Whether federal judge Sonia Sotomayor is confirmed as the next associate justice on the U.S. Supreme Court will not hang in the balance as a result of environmental or energy issues.
The so-called “experts” are more concerned about fringe and/or hot-button issues. Real life issues like weighing environmental protection and economic development take a backseat to the issues that the radio and TV personalities can bang on and on about in their never ending quest for higher ratings.
Nevertheless, it is illuminating to consider what some in the business and environmental communities think about President Barack Obama’s first nominee for the Supreme Court.
There is no more quintessential business group than the U.S. Chamber of Commerce, and for the time being they are taking a cautious view of Judge Sotomayor. "In recent years, the Supreme Court has played an increasingly important role in deciding issues that affect the business community and the health of the economy,” the Chamber said in reaction to the nomination. “It is important that the confirmation process focus carefully on the nominee’s views and how they would impact economic growth and Main Street businesses. It is equally important that the next associate justice applied the law without bias.” In the past, the Chamber has endorsed nominees made by both Republican and Democratic presidents.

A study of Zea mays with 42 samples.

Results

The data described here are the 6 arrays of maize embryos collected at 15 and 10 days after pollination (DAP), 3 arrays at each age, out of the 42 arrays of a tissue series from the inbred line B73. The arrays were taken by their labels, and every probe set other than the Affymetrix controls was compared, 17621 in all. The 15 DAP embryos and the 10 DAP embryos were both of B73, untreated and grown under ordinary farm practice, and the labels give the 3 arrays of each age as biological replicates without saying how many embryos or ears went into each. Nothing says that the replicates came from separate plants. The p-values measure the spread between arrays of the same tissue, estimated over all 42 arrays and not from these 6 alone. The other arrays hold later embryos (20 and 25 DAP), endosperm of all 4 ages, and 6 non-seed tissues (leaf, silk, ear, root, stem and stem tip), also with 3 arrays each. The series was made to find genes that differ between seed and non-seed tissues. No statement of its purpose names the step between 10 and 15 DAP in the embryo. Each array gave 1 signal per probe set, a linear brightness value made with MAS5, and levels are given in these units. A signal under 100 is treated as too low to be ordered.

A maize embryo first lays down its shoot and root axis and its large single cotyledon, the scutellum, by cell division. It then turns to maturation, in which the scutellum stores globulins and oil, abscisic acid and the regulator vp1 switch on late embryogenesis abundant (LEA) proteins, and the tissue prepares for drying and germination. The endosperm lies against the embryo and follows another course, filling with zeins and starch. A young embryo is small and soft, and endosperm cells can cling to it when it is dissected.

On the other hand, environmental groups have been outwardly enthusiastic about the nomination. Carl Pope, executive director of the Sierra Club, said, “Our different backgrounds strengthen us in our efforts to protect the natural and human environment, and we fully expect decades of exemplary service from Judge Sotomayor.” Similarly, Glenn Sugameli, responsible for researching judicial nominations for Earthjustice, said, “Her knowledge, understanding and service as a federal trial and appellate court judge provide invaluable perspectives for deciding environmental protection and related issues,” Greenwire reported (“Enviro Groups Like What They See in Obama’s Justice Pick,” May 27, 2009).
There are several cases Judge Sotomayor has been involved in that may shed some light on her philosophy in this area. Judge Sotomayor was a member of a three-judge panel that heard arguments in 2006 in Connecticut v. American Electric Power Inc. In the case a group of attorneys general alleged that greenhouse gas emissions were in effect a public nuisance. A federal trial court ruled in favor of the utilities, and the case was on appeal to the Second Federal Circuit Court of Appeals. According to Greenwire, Judge Sotomayor said during a hearing, “I have absolutely no idea about the science of global warming. But if the science is right, we have relegated ourselves to killing the world in the foreseeable future. Not in centuries to come but in the very near future.” The appellate panel has handed down no decision.